By Linden Volsun - 03 Feb 2012 11:53:25 GMT
Prince Charles calls for more sustainable fishing

Tuna fish at a market via Shutterstock

Prince Charles is warning that urgent action is needed to increase sustainable management of fish stocks. However, the Prince of Wales says even though global fish stocks continue to decline, there is reason to be optimistic about the future.

"The story today need no longer be one of doom and gloom and inevitable decline, but one that harbours the possibility of generating more value from a strongly performing natural asset. This potential can only be tapped if we manage it well."

As long as fisheries adopt more sustainable management practices, larger catches at sea, healthier marine systems and secure jobs in the industry will be possible in the long-term.

But, if no move is made to increase sustainable management, then the situation will worsen and could become irreversible. The Prince's comments in a speech at Fishmongers' Hall, London, came after the Marine Programme report was published by his International Sustainability Unit.

Fisheries currently add around $275billion (£173billion) to the global economy, but they could raise $50billion (£31billion) more, if management improvements were put in place, according to the World Bank.

This is highlighted in interviews with fishery chiefs included in the ISU report, which says their businesses have improved as they have become more sustainable.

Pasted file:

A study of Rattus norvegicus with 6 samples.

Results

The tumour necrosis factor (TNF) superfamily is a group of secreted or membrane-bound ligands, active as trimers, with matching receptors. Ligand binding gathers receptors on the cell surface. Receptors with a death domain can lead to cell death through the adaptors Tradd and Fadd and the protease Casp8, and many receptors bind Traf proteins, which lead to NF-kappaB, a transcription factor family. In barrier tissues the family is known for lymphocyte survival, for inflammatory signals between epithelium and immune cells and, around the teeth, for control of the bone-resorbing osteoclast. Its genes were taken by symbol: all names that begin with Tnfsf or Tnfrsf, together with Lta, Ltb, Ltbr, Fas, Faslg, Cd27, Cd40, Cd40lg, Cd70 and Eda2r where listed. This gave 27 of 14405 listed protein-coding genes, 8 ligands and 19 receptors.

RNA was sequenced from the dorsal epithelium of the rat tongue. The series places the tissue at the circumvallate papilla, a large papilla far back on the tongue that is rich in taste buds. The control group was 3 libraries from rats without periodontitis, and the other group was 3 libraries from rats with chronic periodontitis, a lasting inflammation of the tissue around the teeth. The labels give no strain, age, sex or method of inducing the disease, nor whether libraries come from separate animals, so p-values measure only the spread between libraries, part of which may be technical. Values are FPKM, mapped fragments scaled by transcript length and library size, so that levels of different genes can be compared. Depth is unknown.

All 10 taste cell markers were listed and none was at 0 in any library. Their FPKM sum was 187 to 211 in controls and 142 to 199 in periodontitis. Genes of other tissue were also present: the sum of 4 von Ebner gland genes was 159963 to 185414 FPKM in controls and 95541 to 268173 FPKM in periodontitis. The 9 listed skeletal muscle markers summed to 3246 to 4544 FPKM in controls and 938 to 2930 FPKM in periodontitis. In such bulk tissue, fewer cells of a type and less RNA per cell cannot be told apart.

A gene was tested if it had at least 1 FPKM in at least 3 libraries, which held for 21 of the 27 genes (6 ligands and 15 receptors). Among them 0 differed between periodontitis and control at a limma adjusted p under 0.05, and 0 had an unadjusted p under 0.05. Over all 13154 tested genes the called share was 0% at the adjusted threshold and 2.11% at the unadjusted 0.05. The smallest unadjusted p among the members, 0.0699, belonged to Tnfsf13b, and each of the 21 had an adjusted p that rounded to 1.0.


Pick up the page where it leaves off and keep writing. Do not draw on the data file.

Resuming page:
The ISU says the whole sector would benefit if these practices were widely repeated. Its Marine Programme aims to help create global agreement about best practice and see it put into practice even in small fisheries.

The report identifies three core principles that it wants to see adopted: managing fisheries for the benefit of the whole marine ecosystem; changing the economics of fishing by rewarding positive behaviour and regulating and enforcing fishing regulations.

Among key steps it recommends to achieve more sustainable management and ensure a resilient fish supply, are:

· collecting better scientific data on fish stocks and the impact fishing has on marine ecosystems

· identifying examples of sustainable fisheries management and encouraging others to follow them

· developing new ways to financing the wider adoption of sustainable fisheries management

· involving the private sector more in supporting fisheries improvement projects.

The Prince of Wales

The Prince of Wales via Shutterstock

The ISU report, called Towards Global Sustainable Fisheries : The Opportunity for Transition has been published after two years of consultation with the public, private and scientific sectors and Non Governmental Organisations.

More than 20 influential members of the fishing community have become members of a Fishing Industry Ambassadors group started by the ISU. The Prince of Wales set-up the ISU to help build consensus on how to solve key environmental global challenges including food security, the resilience of the ecosystem and the depletion of natural capital. The ISU works with governments, the private sector and non-governmental organisations to build partnerships and address these challenges.

Full report: ISU Marine Programme.

ISU: "Fisheries in Transition: 50 Interviews with the Fishing Sector".